The Gaussian Process (GP) framework flexibility has enabled its use in several data modeling scenarios. The setting where we have unavailable or uncertain inputs that generate possibly noisy observations is usually tackled by the well known Gaussian Process Latent Variable Model (GPLVM). However, the standard variational approach to perform inference with the GPLVM presents some expressions that are tractable for only a few kernel functions, which may hinder its general application. While other quadrature or sampling approaches could be used in that case, they usually are very slow and/or non-deterministic. In the present paper, we propose the use of the unscented transformation to enable the use of any kernel function within the Bayesian GPLVM. Our approach maintains the fully deterministic feature of tractable kernels and presents a simple implementation with only moderate computational cost. Experiments on dimensionality reduction and multistep-ahead prediction with uncertainty propagation indicate the feasibility of our proposal.
This article is concerned with Gaussian process quadratures, which are numerical integration methods based on Gaussian process regression methods, and sigma-point methods, which are used in advanced non-linear Kalman filtering and smoothing algorithms. We show that many sigma-point methods can be interpreted as Gaussian quadrature based methods with suitably selected covariance functions. We show that this interpretation also extends to more general multivariate Gauss--Hermite integration methods and related spherical cubature rules. Additionally, we discuss different criteria for selecting the sigma-point locations: exactness for multivariate polynomials up to a given order, minimum average error, and quasi-random point sets. The performance of the different methods is tested in numerical experiments.
We present two new methods for inference in Gaussian process (GP) models with general nonlinear likelihoods. Inference is based on a variational framework where a Gaussian posterior is assumed and the likelihood is linearized about the variational posterior mean using either a Taylor series expansion or statistical linearization. We show that the parameter updates obtained by these algorithms are equivalent to the state update equations in the iterative extended and unscented Kalman filters respectively, hence we refer to our algorithms as extended and unscented GPs. The unscented GP treats the likelihood as a 'black-box' by not requiring its derivative for inference, so it also applies to non-differentiable likelihood models. We evaluate the performance of our algorithms on a number of synthetic inversion problems and a binary classification dataset.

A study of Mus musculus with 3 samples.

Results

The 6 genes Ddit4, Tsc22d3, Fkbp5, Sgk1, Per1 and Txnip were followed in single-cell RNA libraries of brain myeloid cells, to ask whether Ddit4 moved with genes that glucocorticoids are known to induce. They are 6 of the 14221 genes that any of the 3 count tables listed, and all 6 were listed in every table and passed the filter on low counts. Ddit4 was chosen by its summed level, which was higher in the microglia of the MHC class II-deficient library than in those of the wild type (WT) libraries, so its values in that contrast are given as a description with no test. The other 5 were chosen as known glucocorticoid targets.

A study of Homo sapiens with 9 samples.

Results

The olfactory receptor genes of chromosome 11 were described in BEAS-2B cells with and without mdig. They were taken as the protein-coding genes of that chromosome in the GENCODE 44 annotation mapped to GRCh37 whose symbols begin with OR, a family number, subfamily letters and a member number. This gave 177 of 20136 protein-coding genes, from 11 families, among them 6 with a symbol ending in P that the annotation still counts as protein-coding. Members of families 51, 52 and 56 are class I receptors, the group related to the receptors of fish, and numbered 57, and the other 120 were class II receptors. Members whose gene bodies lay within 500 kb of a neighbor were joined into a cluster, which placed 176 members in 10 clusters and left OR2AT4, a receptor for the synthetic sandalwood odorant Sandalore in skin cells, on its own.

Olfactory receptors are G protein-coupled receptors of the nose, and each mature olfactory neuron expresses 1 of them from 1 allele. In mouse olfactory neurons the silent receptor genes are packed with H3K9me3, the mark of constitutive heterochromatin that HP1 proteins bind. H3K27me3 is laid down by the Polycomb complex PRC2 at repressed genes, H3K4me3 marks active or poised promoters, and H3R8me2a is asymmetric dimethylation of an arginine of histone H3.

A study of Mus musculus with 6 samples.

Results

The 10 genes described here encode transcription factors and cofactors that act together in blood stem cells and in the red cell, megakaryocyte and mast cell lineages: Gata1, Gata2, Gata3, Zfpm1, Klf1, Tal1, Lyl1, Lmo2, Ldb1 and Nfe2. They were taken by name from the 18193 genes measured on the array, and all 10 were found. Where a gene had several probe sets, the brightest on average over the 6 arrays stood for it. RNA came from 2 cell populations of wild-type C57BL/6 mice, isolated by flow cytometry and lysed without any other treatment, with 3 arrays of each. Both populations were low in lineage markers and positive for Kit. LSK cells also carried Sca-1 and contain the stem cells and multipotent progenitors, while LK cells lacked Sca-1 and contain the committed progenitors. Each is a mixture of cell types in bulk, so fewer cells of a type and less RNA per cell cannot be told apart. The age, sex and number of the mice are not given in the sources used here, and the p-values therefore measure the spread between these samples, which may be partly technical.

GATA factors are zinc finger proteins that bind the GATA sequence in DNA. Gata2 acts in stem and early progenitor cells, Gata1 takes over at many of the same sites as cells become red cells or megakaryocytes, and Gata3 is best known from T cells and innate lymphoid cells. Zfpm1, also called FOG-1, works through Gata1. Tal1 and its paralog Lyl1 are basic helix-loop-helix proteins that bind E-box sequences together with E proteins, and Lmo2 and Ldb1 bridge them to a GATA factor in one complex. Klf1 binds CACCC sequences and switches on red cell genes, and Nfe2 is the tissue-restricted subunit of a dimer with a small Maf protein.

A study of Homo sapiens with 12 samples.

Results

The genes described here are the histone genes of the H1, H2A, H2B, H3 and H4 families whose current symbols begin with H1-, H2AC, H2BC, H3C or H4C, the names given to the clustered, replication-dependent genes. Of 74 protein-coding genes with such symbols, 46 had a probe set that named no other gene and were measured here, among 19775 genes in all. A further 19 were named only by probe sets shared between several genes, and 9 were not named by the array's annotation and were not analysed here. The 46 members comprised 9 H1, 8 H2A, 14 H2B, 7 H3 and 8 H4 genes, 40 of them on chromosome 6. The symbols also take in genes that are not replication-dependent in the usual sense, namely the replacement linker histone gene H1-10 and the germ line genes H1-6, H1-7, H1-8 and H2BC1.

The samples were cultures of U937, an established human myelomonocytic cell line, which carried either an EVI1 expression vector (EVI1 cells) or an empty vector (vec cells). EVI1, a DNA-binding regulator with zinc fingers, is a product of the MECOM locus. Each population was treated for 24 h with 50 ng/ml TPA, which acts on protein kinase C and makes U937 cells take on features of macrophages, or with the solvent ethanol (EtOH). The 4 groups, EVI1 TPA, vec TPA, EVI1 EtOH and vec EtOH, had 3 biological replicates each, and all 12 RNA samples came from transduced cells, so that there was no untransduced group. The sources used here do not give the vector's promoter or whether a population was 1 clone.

A software library for constructing and learning probabilistic models is presented. The library offers a set of building blocks from which a large variety of static and dynamic models can be built. These include hierarchical models for variances of other variables and many nonlinear models. The underlying variational Bayesian machinery, providing for fast and robust estimation but being mathematically rather involved, is almost completely hidden from the user thus making it very easy to use the library. The building blocks include Gaussian, rectified Gaussian and mixture-of-Gaussians variables and computational nodes which can be combined rather freely.
We propose a novel approach for nonlinear regression using a two-layer neural network (NN) model structure with sparsity-favoring hierarchical priors on the network weights. We present an expectation propagation (EP) approach for approximate integration over the posterior distribution of the weights, the hierarchical scale parameters of the priors, and the residual scale. Using a factorized posterior approximation we derive a computationally efficient algorithm, whose complexity scales similarly to an ensemble of independent sparse linear models. The approach enables flexible definition of weight priors with different sparseness properties such as independent Laplace priors with a common scale parameter or Gaussian automatic relevance determination (ARD) priors with different relevance parameters for all inputs. The approach can be extended beyond standard activation functions and NN model structures to form flexible nonlinear predictors from multiple sparse linear models. The effects of the hierarchical priors and the predictive performance of the algorithm are assessed using both simulated and real-world data. Comparisons are made to two alternative models with ARD priors: a Gaussian process with a NN covariance function and marginal maximum a posteriori estimates of the relevance parameters, and a NN with Markov chain Monte Carlo integration over all the unknown model parameters.